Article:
Nurses bemoan lack of IT training
And criticise NPfIT
Nurses feel they are not receiving sufficient training in the use of IT systems, according to a new survey.
The Royal College of Nursing published the findings of the survey, carried out by Nursix. It also said that nurses feel ignored in NHS IT decision making.
The survey found that 87 per cent of nurses felt it was important they were consulted about IT plans, but only 12 per cent felt they had been adequately consulted. Although 38 per cent said they have had adequate information about current NHS IT developments, 61 per cent said they have not, including 26 per cent who have had none at all.
The lack of training for nurses has also emerged as a major concern. Ninety-five per cent of respondents thought nurse training was central to the success of the planned electronic patient health record, but in the last six months 69 per cent had not received any IT training at work. There has been no progress on this front compared with the results of RCN surveys of previous years.
Sharon Levy, informatics advisor at the RCN, said: "This is not just about teaching nurses to press buttons on a computer. Information and its use and management are central to nursing and delivering good patient care. We have got to give nurses the right training and support so that NHS and patients see the benefits that IT could bring to healthcare. If nurses continue to be ignored, a huge amount of money and effort could be wasted in yet another failed public sector IT programme."
Another feature to emerge is that nurses' attitudes towards the national NHS IT programmes are becoming more negative. More respondents (43 per cent) said they did not think they were a good use of resources than those who thought they were (40 per cent). In early 2004 there was a big majority (67 per cent against 11 per cent) in support of the programmes.
In addition, only 56 per cent thought that IT developments would improve clinical care, compared with 70 per cent in 2004.
RCN general secretary Dr Beverly Malone said: "In the current financial crisis in the NHS it is hardly surprising that nurses are expressing reservations about the large and expensive national NHS IT programmes. Nurses will be by far the largest group of health professionals using NHS IT systems, yet they are hardly being consulted or informed about developments.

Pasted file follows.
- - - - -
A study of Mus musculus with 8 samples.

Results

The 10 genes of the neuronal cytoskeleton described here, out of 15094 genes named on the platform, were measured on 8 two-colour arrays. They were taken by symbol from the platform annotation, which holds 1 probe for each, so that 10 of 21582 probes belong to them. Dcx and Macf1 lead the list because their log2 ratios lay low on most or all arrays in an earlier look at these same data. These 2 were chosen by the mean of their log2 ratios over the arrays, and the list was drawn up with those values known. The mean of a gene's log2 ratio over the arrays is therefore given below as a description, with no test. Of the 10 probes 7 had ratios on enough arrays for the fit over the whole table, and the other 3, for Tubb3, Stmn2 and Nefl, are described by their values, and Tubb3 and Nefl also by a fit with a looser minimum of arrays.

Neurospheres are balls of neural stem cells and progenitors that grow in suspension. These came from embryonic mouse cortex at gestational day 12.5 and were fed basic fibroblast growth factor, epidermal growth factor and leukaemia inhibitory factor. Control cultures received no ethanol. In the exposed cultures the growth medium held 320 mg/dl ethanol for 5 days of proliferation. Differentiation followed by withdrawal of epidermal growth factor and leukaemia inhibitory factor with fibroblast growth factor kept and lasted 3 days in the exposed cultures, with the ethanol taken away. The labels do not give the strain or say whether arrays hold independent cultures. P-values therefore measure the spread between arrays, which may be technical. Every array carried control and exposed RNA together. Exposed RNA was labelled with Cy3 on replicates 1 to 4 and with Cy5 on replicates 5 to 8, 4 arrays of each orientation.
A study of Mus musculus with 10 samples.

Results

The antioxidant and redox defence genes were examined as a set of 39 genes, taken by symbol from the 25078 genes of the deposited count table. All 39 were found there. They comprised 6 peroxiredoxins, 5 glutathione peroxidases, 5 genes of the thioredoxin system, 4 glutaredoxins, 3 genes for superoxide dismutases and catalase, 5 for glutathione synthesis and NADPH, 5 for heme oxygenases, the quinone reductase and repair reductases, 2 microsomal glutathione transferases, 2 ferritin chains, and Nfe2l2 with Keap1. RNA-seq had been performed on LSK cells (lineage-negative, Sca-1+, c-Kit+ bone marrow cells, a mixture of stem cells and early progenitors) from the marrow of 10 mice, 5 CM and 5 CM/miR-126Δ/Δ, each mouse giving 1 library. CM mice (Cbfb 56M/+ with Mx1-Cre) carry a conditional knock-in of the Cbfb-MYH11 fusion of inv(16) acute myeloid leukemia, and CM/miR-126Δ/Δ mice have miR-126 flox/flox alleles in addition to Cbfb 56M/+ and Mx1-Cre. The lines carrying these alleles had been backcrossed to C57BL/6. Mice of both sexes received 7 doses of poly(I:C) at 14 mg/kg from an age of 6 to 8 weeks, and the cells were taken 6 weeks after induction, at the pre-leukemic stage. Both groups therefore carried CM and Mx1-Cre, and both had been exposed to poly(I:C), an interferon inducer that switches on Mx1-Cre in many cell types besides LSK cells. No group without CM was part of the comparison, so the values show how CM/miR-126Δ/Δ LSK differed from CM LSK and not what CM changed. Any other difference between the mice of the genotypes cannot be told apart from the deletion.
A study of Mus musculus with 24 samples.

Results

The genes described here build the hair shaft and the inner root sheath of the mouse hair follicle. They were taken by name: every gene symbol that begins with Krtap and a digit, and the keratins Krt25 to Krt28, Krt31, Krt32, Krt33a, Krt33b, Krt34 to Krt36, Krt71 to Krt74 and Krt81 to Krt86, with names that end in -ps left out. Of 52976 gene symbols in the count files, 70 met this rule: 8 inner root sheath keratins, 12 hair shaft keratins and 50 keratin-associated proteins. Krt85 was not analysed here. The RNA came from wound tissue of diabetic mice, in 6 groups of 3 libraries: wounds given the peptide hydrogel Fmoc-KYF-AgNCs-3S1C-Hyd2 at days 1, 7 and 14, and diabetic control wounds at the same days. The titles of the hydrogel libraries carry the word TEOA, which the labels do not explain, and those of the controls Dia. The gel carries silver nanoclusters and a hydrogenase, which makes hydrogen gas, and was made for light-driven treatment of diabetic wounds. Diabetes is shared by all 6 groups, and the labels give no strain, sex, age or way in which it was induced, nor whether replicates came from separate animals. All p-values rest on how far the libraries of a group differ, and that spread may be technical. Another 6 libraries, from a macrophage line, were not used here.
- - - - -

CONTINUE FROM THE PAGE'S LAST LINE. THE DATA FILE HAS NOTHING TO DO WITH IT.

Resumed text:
"We know from experience that if front-line staff are not involved in change, it fails. This survey is the final wake up call for the government. They need to work much harder and, as a matter of urgency, ensure nurses are involved in the development and evaluation of IT programmes.
"Nurses are willing to work with the government on this, but we're not sure the government is willing to work with us."
In response to the RCN's statement, Barbara Stuttle, national clinical lead for nurses at NHS Connecting for Health, said: "There is no doubt that nurses are the glue of the NHS and are fundamental to the programme, ensuring IT benefits patients and supports professional practice.
"We are learning from the results of the survey and hope that through our work, not only with the RCN, but other nursing bodies too, we can improve the results for next year by being proactive in working with and engaging in the design and implementation of IT.
"However, we should not forget that the work of NHS Connecting for Health is taking place during a great period of change in the NHS. The IT programme is a 10 year programme, which is evolving the way forward gradually.
"To commence our proactive approach we have a visioning day planned initially with the RCN so we can address issues and concerns, and improve and strengthen our engagement with nurses in partnership with professional nursing organisations."
This article was originally published at Kablenet.